Experience Yardley

An incredibly picturesque town situated along the banks of the beautiful Delaware River and founded in 1690, Yardley is home to a vibrant intimate downtown with photogenic historic buildings including a restored flour mill, locally-inspired eateries, a craft brewery, spas, health-oriented businesses, and high-tech offices. Long-time businesses like Cramer's Bakery and the famous Yardley Ice House provide a truly unique flavor to this little "paradise along the river." The town's incredibly scenic setting, along Lake Afton's historic canal path, has Yardley often compared to other towns "right out of a storybook." As one of Pennsylvania's "most desirable towns," it's home to a very high per-capita income residential base, highly-regarded schools, and is close to Princeton, New Jersey's "smart belt," Philadelphia via the in-town SEPTA station, and New York City.


History of Yardley

Yardley’s roots stretch back to 1682, when Englishman William Yardley paid William Penn 10 pounds for 500 acres of land. It wasn’t until 1807 that Yardley began to develop into a village, and by 1880 the population stood at 820 residents. Early industries included a spoke and handle factory, sawmill, plate and plaster mill, and two flour mills. The first post office, established in 1828, carried the name “Yardleyville,” but the name was shortened to Yardley when the Reading Railroad came through in 1876.
During the Civil War Yardley was safe haven on the Underground Railroad, an escape route for runaway slaves. Known hiding places were under the eaves of the Continental Hotel (now the Continental Tavern), in warehouse bins along the Delaware Canal, and at the town’s General Store (now Worthington Insurance). At Lakeside, the yellow house facing Lake Afton, one brick-walled cellar room is also thought to have been a hiding place.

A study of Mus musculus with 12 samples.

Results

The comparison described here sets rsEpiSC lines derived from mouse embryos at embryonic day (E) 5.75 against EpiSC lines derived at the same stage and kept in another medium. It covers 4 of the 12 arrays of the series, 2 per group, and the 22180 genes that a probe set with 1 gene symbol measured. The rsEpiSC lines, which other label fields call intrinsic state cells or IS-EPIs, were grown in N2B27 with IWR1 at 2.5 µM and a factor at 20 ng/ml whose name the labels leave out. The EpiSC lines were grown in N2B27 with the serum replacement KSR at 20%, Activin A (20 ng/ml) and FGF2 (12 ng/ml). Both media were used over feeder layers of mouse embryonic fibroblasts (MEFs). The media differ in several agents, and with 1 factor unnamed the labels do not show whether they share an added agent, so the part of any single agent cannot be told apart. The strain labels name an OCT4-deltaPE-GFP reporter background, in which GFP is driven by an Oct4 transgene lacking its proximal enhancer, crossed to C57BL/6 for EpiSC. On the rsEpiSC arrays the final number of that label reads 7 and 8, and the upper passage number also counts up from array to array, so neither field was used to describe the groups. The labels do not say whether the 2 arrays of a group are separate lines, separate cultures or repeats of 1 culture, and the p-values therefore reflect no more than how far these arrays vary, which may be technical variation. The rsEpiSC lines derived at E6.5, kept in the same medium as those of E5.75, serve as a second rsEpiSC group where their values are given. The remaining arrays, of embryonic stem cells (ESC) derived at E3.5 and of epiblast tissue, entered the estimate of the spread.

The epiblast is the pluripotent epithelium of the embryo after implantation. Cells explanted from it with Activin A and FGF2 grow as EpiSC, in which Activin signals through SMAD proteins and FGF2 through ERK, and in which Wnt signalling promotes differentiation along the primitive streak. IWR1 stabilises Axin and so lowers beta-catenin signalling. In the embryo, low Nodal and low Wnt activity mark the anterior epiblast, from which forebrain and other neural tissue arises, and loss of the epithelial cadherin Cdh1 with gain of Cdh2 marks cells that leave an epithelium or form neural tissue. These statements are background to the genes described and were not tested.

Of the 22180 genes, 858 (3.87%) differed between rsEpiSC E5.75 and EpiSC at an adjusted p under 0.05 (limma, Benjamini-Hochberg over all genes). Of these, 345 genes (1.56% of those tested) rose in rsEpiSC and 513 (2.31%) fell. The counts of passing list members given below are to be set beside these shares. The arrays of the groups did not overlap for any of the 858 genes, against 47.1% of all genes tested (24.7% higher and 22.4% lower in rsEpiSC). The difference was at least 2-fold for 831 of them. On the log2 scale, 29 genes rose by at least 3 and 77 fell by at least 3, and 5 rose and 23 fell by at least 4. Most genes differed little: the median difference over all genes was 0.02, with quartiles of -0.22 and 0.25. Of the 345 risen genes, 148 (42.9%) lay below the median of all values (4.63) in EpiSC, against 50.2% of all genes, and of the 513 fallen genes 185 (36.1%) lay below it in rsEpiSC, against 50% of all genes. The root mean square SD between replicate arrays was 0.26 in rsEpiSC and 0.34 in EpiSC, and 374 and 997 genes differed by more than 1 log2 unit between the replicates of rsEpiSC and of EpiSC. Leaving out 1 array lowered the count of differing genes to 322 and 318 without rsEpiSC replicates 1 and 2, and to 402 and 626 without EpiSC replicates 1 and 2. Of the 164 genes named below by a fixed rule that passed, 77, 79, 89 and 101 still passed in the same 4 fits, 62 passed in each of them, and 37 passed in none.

Lake Afton is a man-made pond you’ll find downtown at Main Street and Afton Avenue. The small lake was first noted in a deed dated 1713, and was created to provide water to run the grist mill. These days, it’s a popular spot for ducks, fishermen and ice skaters.
You’ll also find the Yardley Grist Mill, which has been a center of commerce since its inception in the late 1600s. During the Civil War the mill supplied thousands of tons of sorghum and meal to Union soldiers. By 1926 the mill had ceased operation, and has since been restored and now houses several businesses.
Until the mid-20th century, the surrounding countryside was relatively open farmland. While the past two decades have seen much of the agricultural landscape give way to residential development (this area is a bedroom community for Philadelphia, Princeton, and New York), much of Yardley, per se, has retained its historic integrity. A large part of that is due to the town’s preservationist ethic and the creation of a well-maintained historic district.  

The majority of the buildings within the district are along South Main Street, where you’ll find examples of Second Empire, Queen Anne, and Victorian Gothic architecture, all enhanced by the presence of trees and shrubs carefully planted to lend the town a residential, neighborhood feel. The historic district encompasses both sections of Canal Street, which runs parallel to the Delaware Canal and is dotted with small, predominantly frame structures dating from 1840. Along the southernmost section of Canal Street is the small-framed Yardley-Bethel A.M.E. Church built in 1877. Several canal bridges and an aqueduct are within the district, as well.
East of the canal along the south side of East Afton Avenue, you’ll find rows of stone homes that mirror the street’s pre-canal days.